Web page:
3D Printing 101

Discussions focused on introduction to 3D printing, connections to learning opportunities and direction to higher level resources. A portal to the 3D printing world.

Caterpillar's 3D Printing Lab

Here are just three uses the lab has found for AM in Caterpillar’s operations: 

• Gaging. Caterpillar has identified a number of gaging needs that can be met with custom gages 3D-printed out of plastics. For example, the company has produced field gages to measure the wear on tips, the consumable “teeth” found on the edge of an earthmover’s bucket. The gages have numbers printed directly into them, making it easy for an on-site technician to determine the level of wear on a tip. And according to Jim LaHood, Caterpillar engineering specialist for 3D printing, the plastic gages are just as accurate as metal gages and can be replaced more quickly when they wear out. A set of the field tip gages can be made overnight.

They are printed in a stack of four nested together, using only $40-50 worth of plastic, for material as well as time savings. 

• Molds. Caterpillar molds its own silicone masking in-house. The masking includes plugs and other shaped pieces of silicone to protect holes and pockets during processes such as powder coating. Previously, employees produced the masking on makeshift molds constructed of scrap metal. The molds were heavy and sharp, and known to fail frequently. The AM Group now offers the capability to create the molds out of polycarbonate rather than metal, resulting in lighter, more reliable molds. The lab estimates that this switch has saved $27,000 per year in repairs to molds.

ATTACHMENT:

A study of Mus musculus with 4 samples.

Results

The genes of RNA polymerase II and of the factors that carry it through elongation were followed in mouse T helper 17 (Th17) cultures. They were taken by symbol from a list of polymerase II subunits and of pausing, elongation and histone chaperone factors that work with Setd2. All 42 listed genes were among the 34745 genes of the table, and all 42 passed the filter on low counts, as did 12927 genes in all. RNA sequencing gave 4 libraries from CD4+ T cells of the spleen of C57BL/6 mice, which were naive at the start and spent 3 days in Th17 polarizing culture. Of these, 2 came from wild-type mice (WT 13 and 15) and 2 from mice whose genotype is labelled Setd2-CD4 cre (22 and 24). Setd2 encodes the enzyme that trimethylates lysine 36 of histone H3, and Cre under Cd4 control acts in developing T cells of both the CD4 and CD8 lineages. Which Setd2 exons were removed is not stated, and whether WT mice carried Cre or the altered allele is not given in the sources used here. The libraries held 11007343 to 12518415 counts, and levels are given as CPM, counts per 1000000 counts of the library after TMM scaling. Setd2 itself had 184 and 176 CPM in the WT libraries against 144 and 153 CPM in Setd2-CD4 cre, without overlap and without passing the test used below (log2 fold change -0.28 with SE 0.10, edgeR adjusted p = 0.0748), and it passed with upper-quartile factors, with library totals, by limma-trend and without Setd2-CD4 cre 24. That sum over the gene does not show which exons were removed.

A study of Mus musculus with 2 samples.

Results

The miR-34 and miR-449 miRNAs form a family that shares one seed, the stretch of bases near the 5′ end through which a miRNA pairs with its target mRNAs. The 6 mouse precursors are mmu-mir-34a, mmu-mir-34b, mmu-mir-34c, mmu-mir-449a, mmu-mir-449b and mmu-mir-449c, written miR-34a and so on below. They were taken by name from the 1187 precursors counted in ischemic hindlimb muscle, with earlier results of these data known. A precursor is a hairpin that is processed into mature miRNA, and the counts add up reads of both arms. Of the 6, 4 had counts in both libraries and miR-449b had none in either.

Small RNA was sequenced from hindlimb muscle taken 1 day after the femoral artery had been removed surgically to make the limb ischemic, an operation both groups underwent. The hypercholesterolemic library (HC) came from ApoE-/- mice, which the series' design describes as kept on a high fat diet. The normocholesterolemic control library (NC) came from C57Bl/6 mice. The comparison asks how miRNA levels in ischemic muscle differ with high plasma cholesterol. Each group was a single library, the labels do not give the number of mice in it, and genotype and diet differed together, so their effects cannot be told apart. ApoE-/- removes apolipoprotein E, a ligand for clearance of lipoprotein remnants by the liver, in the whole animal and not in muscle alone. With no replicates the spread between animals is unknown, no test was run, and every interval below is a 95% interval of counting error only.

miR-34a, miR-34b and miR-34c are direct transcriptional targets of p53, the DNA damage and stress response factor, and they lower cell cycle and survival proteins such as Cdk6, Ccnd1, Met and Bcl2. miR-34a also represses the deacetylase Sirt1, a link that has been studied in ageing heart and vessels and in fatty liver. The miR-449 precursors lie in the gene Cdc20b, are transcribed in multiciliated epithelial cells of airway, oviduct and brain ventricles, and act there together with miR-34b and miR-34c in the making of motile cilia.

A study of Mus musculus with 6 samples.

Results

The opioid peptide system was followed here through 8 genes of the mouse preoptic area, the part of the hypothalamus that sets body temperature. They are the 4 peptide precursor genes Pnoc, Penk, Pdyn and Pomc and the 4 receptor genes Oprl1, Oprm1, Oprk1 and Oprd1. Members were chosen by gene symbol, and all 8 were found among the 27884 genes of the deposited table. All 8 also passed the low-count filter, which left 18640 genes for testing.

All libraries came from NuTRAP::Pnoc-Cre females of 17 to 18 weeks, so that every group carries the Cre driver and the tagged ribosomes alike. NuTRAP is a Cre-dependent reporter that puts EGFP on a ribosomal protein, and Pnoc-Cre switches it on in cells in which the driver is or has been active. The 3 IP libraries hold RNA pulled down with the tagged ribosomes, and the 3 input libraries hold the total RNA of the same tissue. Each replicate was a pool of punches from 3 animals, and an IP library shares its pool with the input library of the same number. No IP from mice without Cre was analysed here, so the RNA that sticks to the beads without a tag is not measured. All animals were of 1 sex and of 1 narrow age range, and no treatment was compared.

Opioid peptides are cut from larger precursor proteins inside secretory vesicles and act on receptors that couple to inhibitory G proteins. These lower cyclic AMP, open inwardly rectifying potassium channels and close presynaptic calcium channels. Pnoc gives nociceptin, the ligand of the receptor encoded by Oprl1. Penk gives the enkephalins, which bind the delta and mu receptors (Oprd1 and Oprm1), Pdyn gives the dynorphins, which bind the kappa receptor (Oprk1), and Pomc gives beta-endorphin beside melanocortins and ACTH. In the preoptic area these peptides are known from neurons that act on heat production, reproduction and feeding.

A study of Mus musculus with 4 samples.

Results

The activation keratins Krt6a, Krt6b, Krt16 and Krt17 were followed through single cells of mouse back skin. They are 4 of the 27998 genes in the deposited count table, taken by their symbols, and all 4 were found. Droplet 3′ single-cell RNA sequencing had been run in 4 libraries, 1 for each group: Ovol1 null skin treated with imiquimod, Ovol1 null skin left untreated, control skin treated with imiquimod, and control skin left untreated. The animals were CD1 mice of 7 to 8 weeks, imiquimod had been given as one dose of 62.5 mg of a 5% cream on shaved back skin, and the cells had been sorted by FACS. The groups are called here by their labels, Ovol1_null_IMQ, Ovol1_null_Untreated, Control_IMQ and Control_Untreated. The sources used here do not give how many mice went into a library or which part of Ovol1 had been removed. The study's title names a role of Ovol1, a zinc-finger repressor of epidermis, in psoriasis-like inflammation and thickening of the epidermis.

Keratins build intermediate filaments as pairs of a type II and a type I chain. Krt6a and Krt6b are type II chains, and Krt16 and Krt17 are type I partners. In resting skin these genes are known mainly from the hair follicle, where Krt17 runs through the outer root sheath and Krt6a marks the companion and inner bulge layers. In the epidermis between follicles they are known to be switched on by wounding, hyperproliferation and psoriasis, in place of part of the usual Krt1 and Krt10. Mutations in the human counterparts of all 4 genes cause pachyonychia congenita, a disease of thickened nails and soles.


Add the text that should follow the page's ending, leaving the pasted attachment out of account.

• Production models. Caterpillar has found value in producing 3D-printed models of parts to optimize its systems before production begins in earnest. In one example, the company created 36 ABS polycarbonate models of large forged track links (components of the chain-like link assembly found on track-type machines like dozers) in various sizes to use for machine setup and CMM programming. Normally workers would need to use heavy wood models or wait for the foundry parts themselves to arrive to perform these setup tasks. With the plastic models, employees were able to work on fixturing and CMM applications before the forged parts arrived, saving time. Completing these tasks with the lightweight ABS models was made easier by eliminating the handling of heavier parts, and also protected the production parts from damage. The company estimates that it saved $160,000 in time and labor by making this switch.